Zika virus: US investigating 14 possible sexually-transmitted cases
US health officials are investigating 14 new reports of possible sexual transmission of the Zika virus.
The cases include several involving pregnant women, the CDC said.
The US Centers for Disease Control (CDC) made the revelation while publishing new guidance on sexual transmission of the virus.
The guidance has been issued in response to confirmation of the first case of Zika in a non-traveller in the continental United States.
That case was linked to sexual contact with an infected partner.
The CDC is advising all men who have travelled to an area active with the Zika virus to use condoms or abstain from sex for the length of the pregnancy.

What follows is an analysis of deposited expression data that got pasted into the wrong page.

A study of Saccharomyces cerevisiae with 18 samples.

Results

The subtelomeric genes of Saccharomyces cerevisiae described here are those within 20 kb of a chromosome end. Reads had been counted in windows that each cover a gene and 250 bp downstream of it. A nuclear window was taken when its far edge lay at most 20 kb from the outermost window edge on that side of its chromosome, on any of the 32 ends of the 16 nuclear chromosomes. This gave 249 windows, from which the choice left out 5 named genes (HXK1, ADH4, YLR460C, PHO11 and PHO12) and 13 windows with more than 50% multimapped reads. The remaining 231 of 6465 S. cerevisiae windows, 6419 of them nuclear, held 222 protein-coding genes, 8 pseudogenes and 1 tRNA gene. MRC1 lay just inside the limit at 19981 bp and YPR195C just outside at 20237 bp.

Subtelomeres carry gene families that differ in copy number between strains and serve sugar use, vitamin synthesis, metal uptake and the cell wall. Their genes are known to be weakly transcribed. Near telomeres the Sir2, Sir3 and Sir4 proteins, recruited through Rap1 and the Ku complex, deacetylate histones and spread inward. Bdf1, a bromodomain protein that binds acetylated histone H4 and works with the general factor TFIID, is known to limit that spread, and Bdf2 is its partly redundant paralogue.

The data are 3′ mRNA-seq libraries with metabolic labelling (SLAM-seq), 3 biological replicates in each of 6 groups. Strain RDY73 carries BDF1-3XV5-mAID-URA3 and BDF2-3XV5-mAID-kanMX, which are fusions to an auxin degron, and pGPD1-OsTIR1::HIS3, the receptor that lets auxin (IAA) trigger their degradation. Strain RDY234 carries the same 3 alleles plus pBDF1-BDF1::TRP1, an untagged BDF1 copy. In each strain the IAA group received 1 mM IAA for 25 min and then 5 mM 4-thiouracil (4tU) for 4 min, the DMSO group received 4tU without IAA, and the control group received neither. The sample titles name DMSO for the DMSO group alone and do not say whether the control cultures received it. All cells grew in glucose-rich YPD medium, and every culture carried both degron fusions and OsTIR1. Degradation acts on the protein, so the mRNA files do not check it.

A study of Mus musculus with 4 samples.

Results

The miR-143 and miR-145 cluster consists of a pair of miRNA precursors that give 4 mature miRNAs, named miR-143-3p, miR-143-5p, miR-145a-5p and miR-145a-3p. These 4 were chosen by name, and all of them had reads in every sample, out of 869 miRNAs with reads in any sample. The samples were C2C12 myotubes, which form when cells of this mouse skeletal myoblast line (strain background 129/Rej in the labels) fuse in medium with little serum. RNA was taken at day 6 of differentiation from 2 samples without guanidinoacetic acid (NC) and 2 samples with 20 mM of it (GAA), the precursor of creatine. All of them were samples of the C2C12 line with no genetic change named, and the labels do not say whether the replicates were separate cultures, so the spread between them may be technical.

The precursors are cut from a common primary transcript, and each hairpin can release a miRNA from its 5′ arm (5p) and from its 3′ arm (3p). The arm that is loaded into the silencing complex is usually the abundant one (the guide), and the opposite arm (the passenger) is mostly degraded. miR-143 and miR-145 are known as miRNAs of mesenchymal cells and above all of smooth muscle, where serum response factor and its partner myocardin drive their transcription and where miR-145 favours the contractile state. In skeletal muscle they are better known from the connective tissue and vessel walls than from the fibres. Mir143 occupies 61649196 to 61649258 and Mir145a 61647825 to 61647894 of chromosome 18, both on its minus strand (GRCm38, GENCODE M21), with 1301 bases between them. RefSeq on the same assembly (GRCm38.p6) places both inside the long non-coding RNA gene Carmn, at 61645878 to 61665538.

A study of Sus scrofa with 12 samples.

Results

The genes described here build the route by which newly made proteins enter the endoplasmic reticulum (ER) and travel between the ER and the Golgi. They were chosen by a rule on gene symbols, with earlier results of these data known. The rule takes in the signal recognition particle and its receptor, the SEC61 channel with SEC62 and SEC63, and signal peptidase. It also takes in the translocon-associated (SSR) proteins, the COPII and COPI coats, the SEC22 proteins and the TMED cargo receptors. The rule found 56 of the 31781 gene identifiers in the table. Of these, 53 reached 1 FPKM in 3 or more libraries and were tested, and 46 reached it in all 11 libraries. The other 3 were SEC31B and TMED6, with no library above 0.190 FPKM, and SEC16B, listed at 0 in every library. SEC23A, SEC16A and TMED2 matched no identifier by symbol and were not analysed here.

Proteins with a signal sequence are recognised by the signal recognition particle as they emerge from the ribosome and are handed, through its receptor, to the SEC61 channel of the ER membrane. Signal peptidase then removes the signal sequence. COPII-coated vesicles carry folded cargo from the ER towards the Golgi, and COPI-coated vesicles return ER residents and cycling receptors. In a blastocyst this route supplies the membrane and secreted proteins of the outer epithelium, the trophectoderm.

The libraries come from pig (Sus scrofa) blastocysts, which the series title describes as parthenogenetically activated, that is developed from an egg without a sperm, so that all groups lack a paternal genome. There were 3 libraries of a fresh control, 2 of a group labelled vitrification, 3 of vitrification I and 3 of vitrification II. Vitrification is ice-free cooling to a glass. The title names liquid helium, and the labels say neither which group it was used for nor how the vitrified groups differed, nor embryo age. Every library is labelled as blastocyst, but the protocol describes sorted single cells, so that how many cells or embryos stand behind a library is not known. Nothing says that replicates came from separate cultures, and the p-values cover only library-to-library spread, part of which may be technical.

There is no evidence yet that women can transmit Zika virus to their sex partners, but more research is needed to understand this issue, the health body said.
Scientists last week said a study involving pregnant women in Brazil "strengthened" the theory that Zika is linked to the microcephaly birth defects in babies.
The defect can cause babies to be born with abnormally small heads and affect their cognitive development.
The research confirmed the presence of Zika virus in the amniotic fluid of two women who had had Zika-like symptoms during their pregnancies.
Brazilian experts say this suggests the virus can infect the foetus.
The primary method of infection of the virus remains mosquito bites. Experts say women who are pregnant should try to avoid the insects.
On Tuesday, Margaret Chan, the head of the World Health Organization, said the world faced "a long journey" to defeat Zika.
Speaking in Brazil, where most cases have been recorded, she said it was a "very tricky, very tenacious, very difficult" virus.